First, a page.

Taxes: A Guide For Business Owners
For a new business owner, taxation is one of the biggest headaches. Not just paying it, but understanding the many different taxes which will affect your firm. The fear is that you will miss one in the fog of learning how to run things properly. So, here’s a helping hand, a list of the many taxes and which sorts of businesses need to pay them.
Once the turnover of any business gets to £77,000 it must register for VAT, and then charge it on invoices. VAT will also be owed on purchases made from elsewhere in the European Union. The basic system involves calculating what VAT is due and paying it to HM Revenue and Customs (HMRC) every three months, but there are other, simpler ways too.
Company tax return
Limited companies must complete a company tax return for each of their business tax years, and it needs to be completed within 12 months. They are best completed by accountants. Remember, the tax year of your company does not necessarily match the normal tax year.
If the limited company made a profit in the tax year it will have to pay corporation tax. Companies with profits of £1.5m or less have nine months in which to pay. It’s important to realise that this deadline comes before the deadline for filing the tax return.
Self-assessment income tax
Sole traders and members of partnerships have to complete a self-assessment tax return every year. Partnerships have to appoint a nominated partner who also needs to fill out a return for the business as a whole.
If your business has employees you will have to register with the tax office and collect PAYE income tax from their wages. From April you will have to notify HMRC how much you will be sending them immediately when you pay wages.
National Insurance for staff
NI is paid by staff on their wages, and a second amount is paid by the business too. It is all collected at the same time as the PAYE income tax and it’s all paid to HMRC together, normally once a month. It also has to be collected once a year on all tips, perks and bonuses.
National Insurance for sole traders
Sole traders need to pay a different kind of National Insurance on their own earnings, called Class 2 contributions. These contributions are a flat rate of £2.65 a week, but if you earn below £5,595 per year you may be exempt from them. More information on Class 2 contributions can be found here.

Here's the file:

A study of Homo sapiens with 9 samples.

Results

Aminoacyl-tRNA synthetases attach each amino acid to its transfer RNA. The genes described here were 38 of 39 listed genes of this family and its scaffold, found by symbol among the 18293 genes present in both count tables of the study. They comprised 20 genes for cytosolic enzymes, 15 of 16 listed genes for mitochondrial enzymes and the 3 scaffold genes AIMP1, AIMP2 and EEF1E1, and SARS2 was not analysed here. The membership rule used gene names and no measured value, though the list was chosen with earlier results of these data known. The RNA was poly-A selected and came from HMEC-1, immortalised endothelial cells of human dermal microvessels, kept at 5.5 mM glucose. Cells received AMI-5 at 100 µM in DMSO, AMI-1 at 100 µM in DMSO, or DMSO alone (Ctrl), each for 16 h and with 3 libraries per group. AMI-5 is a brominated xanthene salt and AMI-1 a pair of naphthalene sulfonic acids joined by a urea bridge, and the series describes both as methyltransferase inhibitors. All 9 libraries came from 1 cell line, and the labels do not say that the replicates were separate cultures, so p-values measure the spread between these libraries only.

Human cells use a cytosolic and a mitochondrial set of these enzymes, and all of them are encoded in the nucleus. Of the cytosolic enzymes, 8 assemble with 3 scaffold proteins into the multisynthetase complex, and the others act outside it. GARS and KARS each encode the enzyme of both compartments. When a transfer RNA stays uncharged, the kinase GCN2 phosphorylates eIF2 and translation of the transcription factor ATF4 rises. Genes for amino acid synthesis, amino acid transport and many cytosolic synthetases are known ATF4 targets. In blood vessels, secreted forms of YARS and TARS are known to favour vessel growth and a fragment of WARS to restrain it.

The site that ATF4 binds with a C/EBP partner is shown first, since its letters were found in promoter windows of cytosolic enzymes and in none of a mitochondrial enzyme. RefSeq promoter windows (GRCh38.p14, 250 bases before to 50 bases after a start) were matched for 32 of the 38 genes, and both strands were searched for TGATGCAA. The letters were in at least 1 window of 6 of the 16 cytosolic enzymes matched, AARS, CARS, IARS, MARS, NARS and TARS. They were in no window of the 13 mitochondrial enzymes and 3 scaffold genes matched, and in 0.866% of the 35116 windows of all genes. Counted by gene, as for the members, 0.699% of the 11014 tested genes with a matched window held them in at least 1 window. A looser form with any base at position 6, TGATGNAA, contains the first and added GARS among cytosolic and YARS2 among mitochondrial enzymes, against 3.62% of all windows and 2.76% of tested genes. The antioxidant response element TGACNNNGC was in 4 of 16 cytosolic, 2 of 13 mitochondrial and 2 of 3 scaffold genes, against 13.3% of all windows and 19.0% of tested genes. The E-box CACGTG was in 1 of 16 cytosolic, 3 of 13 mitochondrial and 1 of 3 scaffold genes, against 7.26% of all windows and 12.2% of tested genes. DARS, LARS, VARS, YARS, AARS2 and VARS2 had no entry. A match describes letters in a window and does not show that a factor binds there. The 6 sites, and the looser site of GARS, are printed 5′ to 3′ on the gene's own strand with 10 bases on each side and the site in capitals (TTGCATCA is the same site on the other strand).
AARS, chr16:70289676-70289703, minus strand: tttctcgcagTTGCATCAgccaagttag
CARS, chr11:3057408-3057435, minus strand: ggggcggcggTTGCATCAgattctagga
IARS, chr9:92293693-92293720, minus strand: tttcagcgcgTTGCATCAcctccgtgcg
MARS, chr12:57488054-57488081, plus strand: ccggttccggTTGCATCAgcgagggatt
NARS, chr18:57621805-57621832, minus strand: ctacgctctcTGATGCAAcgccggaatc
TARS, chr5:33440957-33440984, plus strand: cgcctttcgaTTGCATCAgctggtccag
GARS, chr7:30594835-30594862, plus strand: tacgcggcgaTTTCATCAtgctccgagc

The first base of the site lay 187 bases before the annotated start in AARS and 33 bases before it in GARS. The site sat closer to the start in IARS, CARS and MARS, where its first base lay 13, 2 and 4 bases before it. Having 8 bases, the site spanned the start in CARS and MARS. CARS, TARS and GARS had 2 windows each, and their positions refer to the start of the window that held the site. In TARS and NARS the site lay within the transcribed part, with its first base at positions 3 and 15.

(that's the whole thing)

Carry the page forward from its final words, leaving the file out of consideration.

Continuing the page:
Imports attract a whole range of taxes and can be complicated. If you import goods, ingredients or anything else for your business, there will normally be a customs duty on the imports, unless they’ve come from within the European Union. The amount depends on the value of what’s being imported, and also on what it actually is. Sometimes the duty will need to be paid before customs will release the goods, while on other occasions a shipping agent or courier may pay the duty for you and bill you. Importing alcohol and cigarettes will mean an excise duty payment. Anything from outside the European Union will have VAT charged on it. If you are VAT registered, the VAT owed on goods from inside the EU is added to your VAT return.
The premises where you run your business is subject to business rates, collected by the council. Landlords sometimes include rates in business rents. If you work from home there is no need to pay business rates on your workspace, providing it is also occasionally or partly used for non-business use too.
There’s no doubt that taxes can be taxing, particularly when you’re a new business owner. The good news is that there is assistance available. HMRC has several helplines and there are many specialist companies, such as Christie + Co, who can provide expert knowledge to people buying and selling businesses.
In many cases there are penalties for failing to get returns in on time, and interest due on late payments. Professional advice and assistance can save money, and hours of headaches too.